What does your job involve?
Basically we waterproof houses and make them look pretty. Some days we are prepping houses for plaster, other days we’re plastering and then we also paint them as well. Occasionally we do commercial buildings, but usually, we are working on new houses or rebuilds.
What does a typical day at work look like for you?
Because we do all the steps in the process, our days are always different. Obviously, when we finish one house, we move to another which also gives a bit of variety in terms of location and complexity. Typically, our days run from 7 am to 4.30ish, and there are five of us in our team that work together to get everything done.
What will be your role when you become qualified?
I’ll be a qualified exterior plasterer in December.
What do your qualifications involve? How do you manage balancing studying with working full-time?
It’s taken me four years to become qualified, but most people would do it in three. I sort of mucked around in the first year but in the next three I just got stuck into it and was really motivated to finish.
To get qualified, it’s all hands-on work but you also have to do a bit of the BCITO bookwork as you go. While you’re working, your boss will tick off each step as you learn it, and your BCITO Training Advisor will check in with you to assess your progress.
How did you get to where you are today?
I kinda fell into plastering, I decided that I would rather do that than stay at school! My Dad puts up house panelling so he had some connections with plasterers and that got my foot in the door.
Were there any particular subjects at school that you think would help someone to succeed in plastering?
Not really – I think anyone could do it! You definitely need to be fit in this job as its very physical – but if you’re not fit, you will be! BCITO also recommends having good maths and English skills as you need to be able to understand instructions and work out measurements, quantities and angles.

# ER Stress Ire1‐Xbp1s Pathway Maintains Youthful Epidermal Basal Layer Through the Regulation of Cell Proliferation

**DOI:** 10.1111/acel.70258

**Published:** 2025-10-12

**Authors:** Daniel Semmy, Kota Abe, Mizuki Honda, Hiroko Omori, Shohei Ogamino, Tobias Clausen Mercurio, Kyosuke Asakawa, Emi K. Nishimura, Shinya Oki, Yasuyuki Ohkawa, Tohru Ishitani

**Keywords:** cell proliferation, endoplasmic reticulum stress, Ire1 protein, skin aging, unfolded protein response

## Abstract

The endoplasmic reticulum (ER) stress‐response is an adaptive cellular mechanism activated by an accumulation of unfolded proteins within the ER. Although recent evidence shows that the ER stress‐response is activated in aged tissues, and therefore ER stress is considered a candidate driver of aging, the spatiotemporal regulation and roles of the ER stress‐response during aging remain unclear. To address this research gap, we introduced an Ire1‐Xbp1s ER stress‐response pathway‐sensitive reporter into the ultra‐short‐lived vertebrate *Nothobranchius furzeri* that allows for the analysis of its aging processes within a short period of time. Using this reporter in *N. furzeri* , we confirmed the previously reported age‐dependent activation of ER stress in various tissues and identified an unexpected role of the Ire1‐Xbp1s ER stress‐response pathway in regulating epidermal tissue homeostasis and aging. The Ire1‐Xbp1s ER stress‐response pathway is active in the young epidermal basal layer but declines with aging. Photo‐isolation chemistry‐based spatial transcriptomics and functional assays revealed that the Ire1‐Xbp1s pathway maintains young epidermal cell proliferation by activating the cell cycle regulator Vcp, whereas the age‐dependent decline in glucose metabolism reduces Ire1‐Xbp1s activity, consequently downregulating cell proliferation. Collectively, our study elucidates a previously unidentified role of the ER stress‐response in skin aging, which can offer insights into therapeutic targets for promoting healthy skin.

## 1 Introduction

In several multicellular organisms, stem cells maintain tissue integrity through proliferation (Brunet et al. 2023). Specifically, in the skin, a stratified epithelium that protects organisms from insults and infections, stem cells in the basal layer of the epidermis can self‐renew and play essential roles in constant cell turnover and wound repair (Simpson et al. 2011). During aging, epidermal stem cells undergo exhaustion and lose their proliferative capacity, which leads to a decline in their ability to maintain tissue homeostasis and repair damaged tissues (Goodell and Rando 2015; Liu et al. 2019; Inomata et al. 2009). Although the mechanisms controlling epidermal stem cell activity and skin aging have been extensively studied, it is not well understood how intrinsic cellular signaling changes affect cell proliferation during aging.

What do you like most about working in the industry?
Everything is pretty good, I really like that I’m learning something new. Also, my workmates are the best – they’re kinda crazy which means we have some really good times on site.
How do you find the work-life balance working in the trades?
There is a really good work-life balance I reckon! I have lots of time to keep up with things like hitting the gym and rock climbing. It’s also really awesome not being broke all the time like my mates at uni.
What has been your most rewarding experience training through BCITO?
Definitely learning the trade, but I also had the chance to go on an Outward Bound course for two weeks last month! It was a pretty awesome experience, and we were all a bunch of tradies who got on really well.
What are the benefits you see while you earn and learn?
Once I become qualified I want to go travelling, so earning while I learn has meant that I have had the means to save up for that. Plastering is a very transferrable skill that is needed in lots of different countries.
Where do you see yourself in the future?
In my immediate future all I can see is travelling, but after that, I’m not too sure. I’d like to be helping people in some way or another, and I’m pretty sure I’ll still be plastering in the future.
Do you have any advice for people who are unsure about what they want to do when they leave school?
If you’re keen and eager to make money, the trades are a good way to go – as long as you’re ready to work hard. If you’re interested in trades then I think you just need to get straight into it and approach someone. Tell them you want to get qualified and you’re keen to do the work and I’m sure they’ll be receptive!
Manaaki Gage was a recipient of a BCITO Outward Bound Scholarship this year.
This article is republished with kind permission of NxtStep magazine.